The power switch pins

computer-buildingmotherboardpowerpower supply

I’m custom building a PC. I’m using an MSI Z97 PC Mate motherboard. The big power supply is an EVGA 430W. It’s all plugged in, and I hit the switch but it doesn’t do anything. Both JPWR 1 and 2 are plugged in. A photo tutorial (pictured in this link) mentioned some “power switch pins.” Am I missing something?

From the tutorial:

You will need to locate the power switch pins. They are located at the
bottom of the board. They are illustrated in your manual as well. I
like to pull out the wire for the power switch in the case and connect
that to initiate the power. But all you have to do is create a
connection between the two pins.

Best Answer

The power supply switch does not turn on the computer, only the power supply itself. You need to plug the wire from the power button on the case into the motherboard and push the power button to turn the system on.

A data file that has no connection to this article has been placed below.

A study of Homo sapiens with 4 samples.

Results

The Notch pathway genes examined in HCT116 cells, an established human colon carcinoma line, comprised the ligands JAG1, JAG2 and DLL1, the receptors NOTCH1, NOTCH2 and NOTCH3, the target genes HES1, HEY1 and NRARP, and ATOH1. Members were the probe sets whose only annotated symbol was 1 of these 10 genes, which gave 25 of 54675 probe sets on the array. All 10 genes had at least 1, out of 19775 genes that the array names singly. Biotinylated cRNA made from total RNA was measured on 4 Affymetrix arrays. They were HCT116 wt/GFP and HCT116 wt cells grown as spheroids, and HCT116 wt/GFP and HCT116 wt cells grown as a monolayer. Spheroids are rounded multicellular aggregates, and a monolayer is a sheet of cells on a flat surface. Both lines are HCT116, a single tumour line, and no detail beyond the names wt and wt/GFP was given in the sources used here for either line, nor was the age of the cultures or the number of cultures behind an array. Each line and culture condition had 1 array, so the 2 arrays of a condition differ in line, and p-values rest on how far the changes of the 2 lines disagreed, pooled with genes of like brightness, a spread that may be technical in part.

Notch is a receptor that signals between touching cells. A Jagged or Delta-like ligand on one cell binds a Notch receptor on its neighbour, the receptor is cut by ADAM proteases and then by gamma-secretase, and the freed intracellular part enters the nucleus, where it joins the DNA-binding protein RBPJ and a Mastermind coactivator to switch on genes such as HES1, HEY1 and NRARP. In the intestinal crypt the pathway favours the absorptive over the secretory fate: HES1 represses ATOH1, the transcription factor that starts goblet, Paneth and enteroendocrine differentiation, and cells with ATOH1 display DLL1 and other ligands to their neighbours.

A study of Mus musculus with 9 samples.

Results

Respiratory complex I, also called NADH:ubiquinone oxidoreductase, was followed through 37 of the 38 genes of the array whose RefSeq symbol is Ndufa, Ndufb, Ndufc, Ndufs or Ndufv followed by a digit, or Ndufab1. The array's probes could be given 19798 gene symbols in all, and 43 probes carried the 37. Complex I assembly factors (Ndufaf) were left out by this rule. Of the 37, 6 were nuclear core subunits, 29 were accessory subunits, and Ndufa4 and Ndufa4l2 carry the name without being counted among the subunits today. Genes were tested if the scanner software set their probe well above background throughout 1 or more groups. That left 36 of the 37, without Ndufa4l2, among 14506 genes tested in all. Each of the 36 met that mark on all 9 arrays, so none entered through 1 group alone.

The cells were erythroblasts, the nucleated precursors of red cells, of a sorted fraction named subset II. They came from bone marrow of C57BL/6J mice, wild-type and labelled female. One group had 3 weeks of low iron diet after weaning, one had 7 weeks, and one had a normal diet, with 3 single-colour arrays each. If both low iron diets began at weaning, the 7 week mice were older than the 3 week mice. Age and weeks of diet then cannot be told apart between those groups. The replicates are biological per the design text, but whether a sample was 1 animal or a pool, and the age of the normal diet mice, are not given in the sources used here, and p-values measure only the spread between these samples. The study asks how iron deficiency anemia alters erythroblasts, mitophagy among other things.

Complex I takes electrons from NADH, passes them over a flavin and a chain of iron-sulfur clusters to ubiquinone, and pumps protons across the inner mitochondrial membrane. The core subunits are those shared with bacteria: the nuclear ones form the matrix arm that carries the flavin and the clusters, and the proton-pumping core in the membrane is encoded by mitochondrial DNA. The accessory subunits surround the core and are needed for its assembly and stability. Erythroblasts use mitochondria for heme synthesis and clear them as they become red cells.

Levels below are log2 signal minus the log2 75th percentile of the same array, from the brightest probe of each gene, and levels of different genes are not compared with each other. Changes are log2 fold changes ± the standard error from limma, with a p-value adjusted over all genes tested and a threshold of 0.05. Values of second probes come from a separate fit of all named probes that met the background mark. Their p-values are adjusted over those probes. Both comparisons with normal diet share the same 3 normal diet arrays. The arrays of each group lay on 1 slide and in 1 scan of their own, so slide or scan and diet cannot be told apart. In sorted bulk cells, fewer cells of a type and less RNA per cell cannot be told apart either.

• The power switch you're referring to is for the power supply itself. This does not by itself turn on the computer; it merely allows the system to be powered on. JPWR1 (24 pins) is the main ATX power connector, while JPWR2 (8 pins) is the CPU power connector. These pins supply power to system components, and themselves do not turn the computer on.

  • You need to connect the power button/front panel cable from your case onto the motherboard and push the power button on the case to actually turn the system on. On this motherboard, you'll need to connect the cable to a pin header labeled JFP1. Consult the motherboard's manual to determine the correct pinout. In your case (see pinout below):

    • Power SW to 6 and 8 (doesn't matter which way, the pins are just shorted when you press the power button).
    • Reset SW to 5 and 7 (again, doesn't matter which way).
    • HDD LED to 1 and 3 (the red wire should be in 1 as that's the + connector).
    • +P LED to 2, -P LED to 4.

Pinout for JFP1 and JFP2

  • Note that some motherboards (though not the MSI Z97 PC Mate) have a power button which can be used to turn the system on as well.

Note to readers: I walked the user through the installation on Stack Exchange Chat. The transcript is available here.